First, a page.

Friday, 18 December 2015

Coconut and clotted cream cake

clotted cream and coconut cake

Looking back on previous posts, I've realised that I've written several times about my love of Christmas. So many times, that I probably shouldn't be writing about it again. But it's December and I just can't seem to help myself, because I'm like a child when it comes to Christmas. Okay wait, I'm like a child most of the time, but with Christmas my inner five year-old truly comes out to play. I absolutely love this time of year and for 2015 I'm more excited than ever because it's my first true Christmas and my first one with my husband!

clotted cream and coconut cake

To that end, I've gone all out: I've insisted on advent calendars (again, a first for me); I've never had a tree before so to make up for it we have two, under which there is a growing pile of presents; and of course, my Elf DVD has made its annual appearance (the jokes have me in fits of giggles every single time). You'd be forgiven for thinking there is an actual child in our house, not simply a grown-up unable to stop acting like one.

Still, I don't give a fudge; I refuse to be an apologist for my all-embracing love of Christmas films, songs, jumpers, crackers, decorations and all-round Christmas cheer. Why? Well, quite simply because it makes me happy.

clotted cream and coconut cake

This cake, although not particularly Christmassy in flavour, for me very much looks the part with its snow-white layer of smooth mascarpone frosting, topped with brilliantly white flakes of fresh coconut. And although there are no Christmas spices or mincemeat etc., in it, it really is a deliciously comforting cake to partake in a slab of (avec cup of chai!), after a long day of Christmas shopping. The sponge is light and moist and the clotted cream and jam filling decadently and joyously soothing on a cold day.

Note that the first time I made this cake, inspired by the blog Mostly About Chocolate, I placed the clotted cream in the cake batter, as a direct substitute for butter. I also added chocolate chunks into the batter. I found however that the clotted cream made the cake crumb too tight and dense; and although I'd never admit this to anyone, for once I felt that chocolate seemed incongruous.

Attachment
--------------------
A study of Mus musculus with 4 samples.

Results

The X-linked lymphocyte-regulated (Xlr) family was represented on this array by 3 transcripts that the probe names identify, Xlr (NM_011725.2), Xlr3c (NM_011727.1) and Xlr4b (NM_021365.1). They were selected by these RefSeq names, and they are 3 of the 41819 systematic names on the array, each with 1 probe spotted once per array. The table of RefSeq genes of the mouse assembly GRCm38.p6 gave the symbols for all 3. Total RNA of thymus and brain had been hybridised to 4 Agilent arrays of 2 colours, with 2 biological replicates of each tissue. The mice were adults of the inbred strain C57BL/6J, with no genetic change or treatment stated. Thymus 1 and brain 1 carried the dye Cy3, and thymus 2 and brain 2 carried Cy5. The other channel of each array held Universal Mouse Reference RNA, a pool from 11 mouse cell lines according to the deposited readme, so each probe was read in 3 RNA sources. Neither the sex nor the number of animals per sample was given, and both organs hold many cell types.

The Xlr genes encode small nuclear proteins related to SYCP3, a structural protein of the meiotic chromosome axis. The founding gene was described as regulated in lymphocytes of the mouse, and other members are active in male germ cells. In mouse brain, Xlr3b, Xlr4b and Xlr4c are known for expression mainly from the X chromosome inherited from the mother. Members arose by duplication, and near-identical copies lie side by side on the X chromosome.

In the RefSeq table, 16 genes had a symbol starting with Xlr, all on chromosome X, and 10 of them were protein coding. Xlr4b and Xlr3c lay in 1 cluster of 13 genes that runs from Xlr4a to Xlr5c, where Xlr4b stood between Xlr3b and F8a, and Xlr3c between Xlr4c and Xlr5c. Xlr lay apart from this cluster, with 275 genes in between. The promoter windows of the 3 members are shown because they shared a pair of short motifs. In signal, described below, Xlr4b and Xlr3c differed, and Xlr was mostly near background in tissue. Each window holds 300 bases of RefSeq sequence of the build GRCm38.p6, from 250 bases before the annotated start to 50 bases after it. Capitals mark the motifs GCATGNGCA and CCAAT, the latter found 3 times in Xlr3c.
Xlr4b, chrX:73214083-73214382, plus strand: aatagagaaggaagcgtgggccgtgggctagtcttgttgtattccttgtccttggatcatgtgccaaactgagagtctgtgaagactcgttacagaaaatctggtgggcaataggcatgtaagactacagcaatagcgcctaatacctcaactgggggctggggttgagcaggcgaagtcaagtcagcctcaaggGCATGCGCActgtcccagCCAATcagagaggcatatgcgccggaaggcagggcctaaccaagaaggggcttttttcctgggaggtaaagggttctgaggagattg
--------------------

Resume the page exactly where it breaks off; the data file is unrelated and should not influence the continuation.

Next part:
clotted cream and coconut cake

So I made the cake again, this time making my usual Vicky Sponge i.e. butter/margarine in the cake mix, not clotted cream, and omitting the chocolate altogether (treachery!) The clotted cream wasn't foregone completely. Instead I used it together with some lovely Bramble jam (a wonderful alternative to strawberry and raspberry jams) to sandwich my two sponges together before slathering on the coconut cream cheese frosting. Much better.

If you're concerned about my well-being after the chocolate omission, don't worry, I managed to crowbar some in in the form of some lovely Lindt balls on top for decoration. Party in my tummy!

clotted cream and coconut cake

For the cake:
  • 225g unsalted butter or Stork
  • 225g caster sugar (that's ideally been infused with a vanilla pod)
  • 4 large eggs, lightly beaten
  • 225g self-raising flour
  • 1tsp baking powder
  • 1 tbsp vanilla extract
For the filling:
  • Good quality jam (I used seedless bramble jam)
  • 227g tub Cornish clotted cream (I used Rodda's)
For the coconut frosting:
  • 250g mascarpone
  • 200g fromage frais
  • 1tsp vanilla extract
  • 100g icing sugar, sifted
  • One fresh small coconut, shelled, peeled and coarsely grated

To decorate (optional):
  • Six Lindt chocolate balls
  • Cocoa powder for dusting
To make the cake, preheat the oven to 180C (or 160C for a fan oven). Grease and line two 8" sandwich tins.

Cream together the butter and sugar until they are pale and fluffy.  If you're using a freestanding mixer, use your K-beater attachment and beat for a good few minutes until the butter and sugar are so light and airy, they resemble whipped cream.

Add the lightly beaten eggs and beat again briefly. The mixture may look lumpy and/or curdled, but adding flour in at the next stage will rectify this.

Sift the flour and baking powder together three times, then add a third to the butter, sugar and egg mix and beat to incorporate before adding another third, beating again, and then adding the final third and beating.

Lastly, add the vanilla extract and give your batter one final good mix before splitting equally between the two tins.

Bake in the oven for 20-22 minutes. To check the cakes are cooked, insert a clean knife into them; it should come out of the cakes with only moisture and a few crumbs on it. If there is gooey batter on the knife, give the cakes another two to three minutes in the oven.

Once baked, remove from the oven and allow the cakes to cool slightly before removing them from the tins and placing on a cooling rack.

To make the frosting, place all of your ingredients, except the grated coconut, into a bowl and beat together until smooth.

To assemble, place one of your cake sponges onto the plate you'll be serving the cake on. Using a palette knife, spread a generous amount of jam all over the top of it, followed by the clotted cream.

Place the second sponge, upside down, on top of the jam and clotted cream-covered sponge.

Dollop three or four tablespoons of the cream cheese frosting onto the top of the cake. Again using a palette knife, gently spread the frosting evenly over the top. Once this is done, spread more frosting around the side of the cake, working all the way around until it's all covered.

Finally, taking a small handful of grated coconut at a time, pat it onto the sides of the cake, pressing gently so that it sticks to the frosting. Once the side is all covered with coconut, sprinkle the remaining gratings over the top of the cake.

Decorate with Lindt balls and a dusting of cocoa powder if desired.